The day after the close of the 2012 Republican National Convention, Vice President Joe Biden came out swinging at inaccuracies in a speech given by Rep. Paul Ryan (R-WI) and calling Republican presidential nominee Mitt Romney to account for pressuring the government to bail out help his former private equity firm Bain & Company.
For Biden, the Bain attack is a new one, based upon a report filed Wednesday in Rolling Stone. Documents obtained by reporter Tim Dickinson show that Romney settled more than $30 million in debts Bain owed to a bank the FDIC had taken control of by threatening to loot the company’s assets for executive bonuses and put Bain into bankruptcy if the government didn’t cancel the company’s debt for just 30 cents on the dollar.
“You know, he is absolutely against the federal government or any government using funds to save jobs, to save industries,” Biden said Friday, speaking to a group of auto workers in Lordstown, Ohio. “It’s bad business, he says. Except when it comes to his business.”
“Let me quote from recent reporting,” he went on. “‘Romney was willing to go to extremes to secure a federal bailout’ when Bain Consulting was on the verge of collapse. The way they reorganized cost the government $10 million. Imagine that: It was one thing when a million middle class jobs were on the line. It was another when his own financial interests were on the line. And now they say they care about the middle class?”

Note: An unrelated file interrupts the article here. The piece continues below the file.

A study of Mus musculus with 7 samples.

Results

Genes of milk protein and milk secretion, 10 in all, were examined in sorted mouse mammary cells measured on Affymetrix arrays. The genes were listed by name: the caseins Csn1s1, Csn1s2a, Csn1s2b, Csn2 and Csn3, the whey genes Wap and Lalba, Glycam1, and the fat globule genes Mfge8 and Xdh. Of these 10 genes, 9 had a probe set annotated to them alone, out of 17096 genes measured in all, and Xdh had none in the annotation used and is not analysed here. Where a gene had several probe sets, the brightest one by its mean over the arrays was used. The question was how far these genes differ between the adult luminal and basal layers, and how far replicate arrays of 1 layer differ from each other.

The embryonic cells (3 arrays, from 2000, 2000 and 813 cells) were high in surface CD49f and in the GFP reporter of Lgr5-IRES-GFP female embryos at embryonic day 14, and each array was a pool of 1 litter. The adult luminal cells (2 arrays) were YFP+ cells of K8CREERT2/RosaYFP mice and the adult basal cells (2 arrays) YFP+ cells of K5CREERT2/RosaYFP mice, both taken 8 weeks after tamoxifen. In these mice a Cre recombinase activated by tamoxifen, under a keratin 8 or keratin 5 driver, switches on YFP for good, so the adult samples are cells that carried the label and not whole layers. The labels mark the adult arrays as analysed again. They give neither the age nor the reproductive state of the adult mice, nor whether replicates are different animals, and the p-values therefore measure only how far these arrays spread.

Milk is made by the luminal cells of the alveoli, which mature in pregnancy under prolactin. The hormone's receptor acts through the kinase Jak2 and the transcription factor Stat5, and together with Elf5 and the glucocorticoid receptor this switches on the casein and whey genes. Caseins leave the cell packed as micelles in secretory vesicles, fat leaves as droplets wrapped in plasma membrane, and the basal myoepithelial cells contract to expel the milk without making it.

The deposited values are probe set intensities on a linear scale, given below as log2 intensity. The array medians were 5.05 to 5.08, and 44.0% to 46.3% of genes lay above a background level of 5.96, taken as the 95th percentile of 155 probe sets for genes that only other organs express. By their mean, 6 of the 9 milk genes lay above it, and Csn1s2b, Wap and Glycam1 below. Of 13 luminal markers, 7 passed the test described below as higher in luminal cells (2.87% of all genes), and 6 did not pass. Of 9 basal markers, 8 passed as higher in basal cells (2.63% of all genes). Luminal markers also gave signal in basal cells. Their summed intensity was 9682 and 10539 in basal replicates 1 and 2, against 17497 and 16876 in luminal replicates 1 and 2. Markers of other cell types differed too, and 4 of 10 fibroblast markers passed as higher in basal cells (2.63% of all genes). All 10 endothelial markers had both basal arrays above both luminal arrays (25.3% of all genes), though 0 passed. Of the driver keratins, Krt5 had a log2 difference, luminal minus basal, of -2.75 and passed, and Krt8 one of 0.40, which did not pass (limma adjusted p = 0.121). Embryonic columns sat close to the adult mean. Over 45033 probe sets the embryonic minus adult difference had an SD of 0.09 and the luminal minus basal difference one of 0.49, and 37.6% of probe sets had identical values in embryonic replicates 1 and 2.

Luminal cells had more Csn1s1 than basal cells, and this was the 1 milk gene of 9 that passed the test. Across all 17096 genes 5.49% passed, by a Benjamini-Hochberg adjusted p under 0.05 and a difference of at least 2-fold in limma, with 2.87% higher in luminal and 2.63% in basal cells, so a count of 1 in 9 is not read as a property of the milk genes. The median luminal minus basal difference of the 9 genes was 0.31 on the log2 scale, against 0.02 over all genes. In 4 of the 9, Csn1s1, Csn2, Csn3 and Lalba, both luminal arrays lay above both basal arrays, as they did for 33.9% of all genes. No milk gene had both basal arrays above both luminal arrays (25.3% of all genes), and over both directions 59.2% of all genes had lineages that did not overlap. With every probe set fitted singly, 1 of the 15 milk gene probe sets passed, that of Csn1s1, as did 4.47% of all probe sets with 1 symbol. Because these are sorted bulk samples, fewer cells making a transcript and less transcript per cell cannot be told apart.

Earlier in the speech he also corrected Romney’s running mate, Rep. Ryan, who said during his RNC speech that a General Motors plant in his hometown closed down because of President Obama’s policies.
“But what he didn’t tell you was that plant in Janesville actually closed while President Bush was still in office,” Biden said. “And what they didn’t say is, but for the sacrifices you made, and the courage of the President, all those GM plants would have closed. The 200,000 auto workers who’ve been added to the employment rolls would not be working. And a million jobs would have been lost.”
Unlike Obama, Romney suggested that Detroit automakers should be allowed to go bankrupt. “He said if we stepped in to help, GM would be ‘the living dead,’” the vice president added.
This video is from ABC News, broadcast Friday, August 31, 2012.
Stephen C. Webster is the senior editor of Raw Story, and is based out of Austin, Texas. He previously worked as the associate editor of The Lone Star Iconoclast in Crawford, Texas, where he covered state politics and the peace movement’s resurgence at the start of the Iraq war. Webster has also contributed to publications such as True/Slant, Austin Monthly, The Dallas Business Journal, The Dallas Morning News, Fort Worth Weekly, The News Connection and others. Follow him on Twitter at @StephenCWebster.